The Foster family is working to develop an app with the goal of improving interactions between police and the Black citizens they encounter.
Five years ago, after watching coverage of several police-involved shootings, Curt Foster knew he had to do something to try to curb the increasingly hostile – and too often violent – interactions between police officers and citizens.
“I had police officers who were friends of mine, so I knew that not all police officers were bad,” he said. “But at the same time, officers were making bad decisions.”
The trend has been clear: The Washington Post started compiling a database of every fatal police-involved shooting since Jan. 1, 2015. Since then, the Post has recorded more than 5,000 fatal police shootings, with police killing Black Americans at more than twice as high a rate as white Americans.
From that, Curt – and now with James and Christopher Foster – are working to create an app that compiles profiles of citizens and police officers alike to get real-time reviews and biographical information for use during police interactions. Their company, BlueJay Partners, is close to finalizing the app, along with partnerships with Oklahoma City-area police stations, to roll out the program in Oklahoma City soon.
“We thought, ‘What do they need to lower their anxiety when a police officer approaches the car?” Curt said. “I gathered it was just communication – on both sides. Police officers didn’t have any information about the people they pull over. They are walking up pretty much blind to who they pull over. Cops have anxiety because they don’t know what to expect, and users have the same anxiety-spiking experience.”
James said BlueJay Partners wants to be part of the solution to lower tension between police officers and the Black community.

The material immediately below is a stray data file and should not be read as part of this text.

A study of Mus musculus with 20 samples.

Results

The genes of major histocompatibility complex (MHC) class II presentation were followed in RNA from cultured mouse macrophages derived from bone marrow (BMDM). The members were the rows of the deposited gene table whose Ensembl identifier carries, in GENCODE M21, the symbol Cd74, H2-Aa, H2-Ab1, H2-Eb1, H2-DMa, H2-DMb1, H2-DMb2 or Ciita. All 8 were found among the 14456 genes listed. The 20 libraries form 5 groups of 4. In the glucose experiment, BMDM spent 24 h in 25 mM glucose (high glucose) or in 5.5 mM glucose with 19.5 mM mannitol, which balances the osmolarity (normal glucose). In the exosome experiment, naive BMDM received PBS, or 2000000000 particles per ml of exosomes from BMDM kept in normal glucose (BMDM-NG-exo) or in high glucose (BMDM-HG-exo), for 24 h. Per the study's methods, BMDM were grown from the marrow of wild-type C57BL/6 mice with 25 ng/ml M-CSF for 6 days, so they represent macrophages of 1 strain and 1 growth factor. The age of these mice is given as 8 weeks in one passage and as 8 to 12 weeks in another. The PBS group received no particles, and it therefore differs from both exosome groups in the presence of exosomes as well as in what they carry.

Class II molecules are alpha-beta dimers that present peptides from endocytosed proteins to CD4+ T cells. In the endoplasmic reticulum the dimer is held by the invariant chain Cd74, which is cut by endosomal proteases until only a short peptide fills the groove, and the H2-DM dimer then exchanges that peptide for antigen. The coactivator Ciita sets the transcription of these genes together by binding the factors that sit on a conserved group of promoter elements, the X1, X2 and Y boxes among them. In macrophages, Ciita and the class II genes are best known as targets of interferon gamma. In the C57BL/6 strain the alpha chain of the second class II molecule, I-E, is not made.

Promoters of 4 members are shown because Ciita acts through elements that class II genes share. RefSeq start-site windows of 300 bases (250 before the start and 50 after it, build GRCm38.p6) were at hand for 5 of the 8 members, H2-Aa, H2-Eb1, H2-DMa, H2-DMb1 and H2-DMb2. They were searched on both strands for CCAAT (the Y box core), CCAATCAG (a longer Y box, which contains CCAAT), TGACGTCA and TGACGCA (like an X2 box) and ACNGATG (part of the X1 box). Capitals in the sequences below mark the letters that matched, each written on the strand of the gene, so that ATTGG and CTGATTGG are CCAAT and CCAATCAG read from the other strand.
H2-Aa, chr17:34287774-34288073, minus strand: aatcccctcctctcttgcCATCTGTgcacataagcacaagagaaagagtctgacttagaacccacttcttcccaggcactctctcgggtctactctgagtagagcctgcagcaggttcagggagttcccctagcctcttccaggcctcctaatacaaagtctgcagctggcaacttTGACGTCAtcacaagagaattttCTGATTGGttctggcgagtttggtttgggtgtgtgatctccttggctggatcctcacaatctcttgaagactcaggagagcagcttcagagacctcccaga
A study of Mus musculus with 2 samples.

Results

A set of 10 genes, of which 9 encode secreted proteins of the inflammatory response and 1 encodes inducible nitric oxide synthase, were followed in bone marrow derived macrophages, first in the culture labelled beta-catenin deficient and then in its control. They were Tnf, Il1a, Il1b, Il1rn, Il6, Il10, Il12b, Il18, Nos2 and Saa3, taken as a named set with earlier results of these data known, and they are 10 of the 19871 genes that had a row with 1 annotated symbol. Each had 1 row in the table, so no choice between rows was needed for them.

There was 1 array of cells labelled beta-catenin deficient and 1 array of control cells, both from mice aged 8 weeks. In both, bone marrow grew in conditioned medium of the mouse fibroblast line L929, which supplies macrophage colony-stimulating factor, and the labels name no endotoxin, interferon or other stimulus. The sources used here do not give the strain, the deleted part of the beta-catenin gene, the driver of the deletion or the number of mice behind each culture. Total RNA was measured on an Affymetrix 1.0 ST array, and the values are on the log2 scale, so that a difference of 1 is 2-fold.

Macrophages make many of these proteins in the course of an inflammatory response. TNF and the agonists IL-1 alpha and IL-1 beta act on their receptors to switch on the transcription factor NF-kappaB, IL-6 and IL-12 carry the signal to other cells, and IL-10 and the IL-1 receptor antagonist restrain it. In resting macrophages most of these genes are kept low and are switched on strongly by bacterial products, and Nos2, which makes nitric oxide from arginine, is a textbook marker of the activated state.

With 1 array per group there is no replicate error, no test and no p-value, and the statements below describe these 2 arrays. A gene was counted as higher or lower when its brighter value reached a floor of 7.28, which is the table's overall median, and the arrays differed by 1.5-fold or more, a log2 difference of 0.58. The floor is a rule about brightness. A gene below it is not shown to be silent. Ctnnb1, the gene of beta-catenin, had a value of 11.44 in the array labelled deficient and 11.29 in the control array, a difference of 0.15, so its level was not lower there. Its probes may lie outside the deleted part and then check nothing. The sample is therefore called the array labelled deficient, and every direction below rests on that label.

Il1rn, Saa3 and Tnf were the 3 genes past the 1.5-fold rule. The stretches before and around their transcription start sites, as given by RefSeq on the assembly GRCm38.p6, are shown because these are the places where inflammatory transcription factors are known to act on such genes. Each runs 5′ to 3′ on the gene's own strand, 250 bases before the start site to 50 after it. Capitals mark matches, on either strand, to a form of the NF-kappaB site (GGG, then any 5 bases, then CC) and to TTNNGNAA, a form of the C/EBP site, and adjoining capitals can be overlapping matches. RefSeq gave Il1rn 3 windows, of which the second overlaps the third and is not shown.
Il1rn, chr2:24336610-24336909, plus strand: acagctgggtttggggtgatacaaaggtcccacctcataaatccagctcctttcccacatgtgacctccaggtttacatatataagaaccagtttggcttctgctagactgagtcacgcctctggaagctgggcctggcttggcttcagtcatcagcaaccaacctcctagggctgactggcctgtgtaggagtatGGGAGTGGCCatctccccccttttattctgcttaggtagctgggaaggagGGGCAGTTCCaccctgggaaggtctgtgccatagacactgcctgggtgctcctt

“We want to broker the humanization between the normal citizen and police,” he said. “And we want to let people see there are really good cops out there and help cops get a true profile and not a racial profile of who they were seeing.”
He said the app will provide lifesaving, personalizing information about the citizen who the police officer is approaching and it will provide a conduct and compliance rating of previous interactions the police officer has had with members of the public.
“When you are driving late at night and you see those red and blue lights,” he said. “You pull over and, with the app, you will receive a push notification to your phone with information like why you are getting pulled over and you’ll see his picture and humanized information about him. And he’ll receive the same kind of information on you.”
For the partners, the app represents being active to produce change and better race relations in this country.
“You see all these things on TV, and you say there has got to be something that can be done about that,” Christopher said. “Be a part of that change and not just a hashtag. It will be the same thing until someone actually takes the action. Building this platform has satisfied my inner need to try to provide a solution for what’s going on.”
The app is in beta testing and should be ready for the public in July 2022. The rollout will start in Oklahoma City, with plans to take it to other cities soon after.
“We want to evolve the narrative of the current climate between the police and public,” Christopher said. “And we want to change the whole thing that parents have to raise their kids that if they are pulled over by the police it could be their last day.”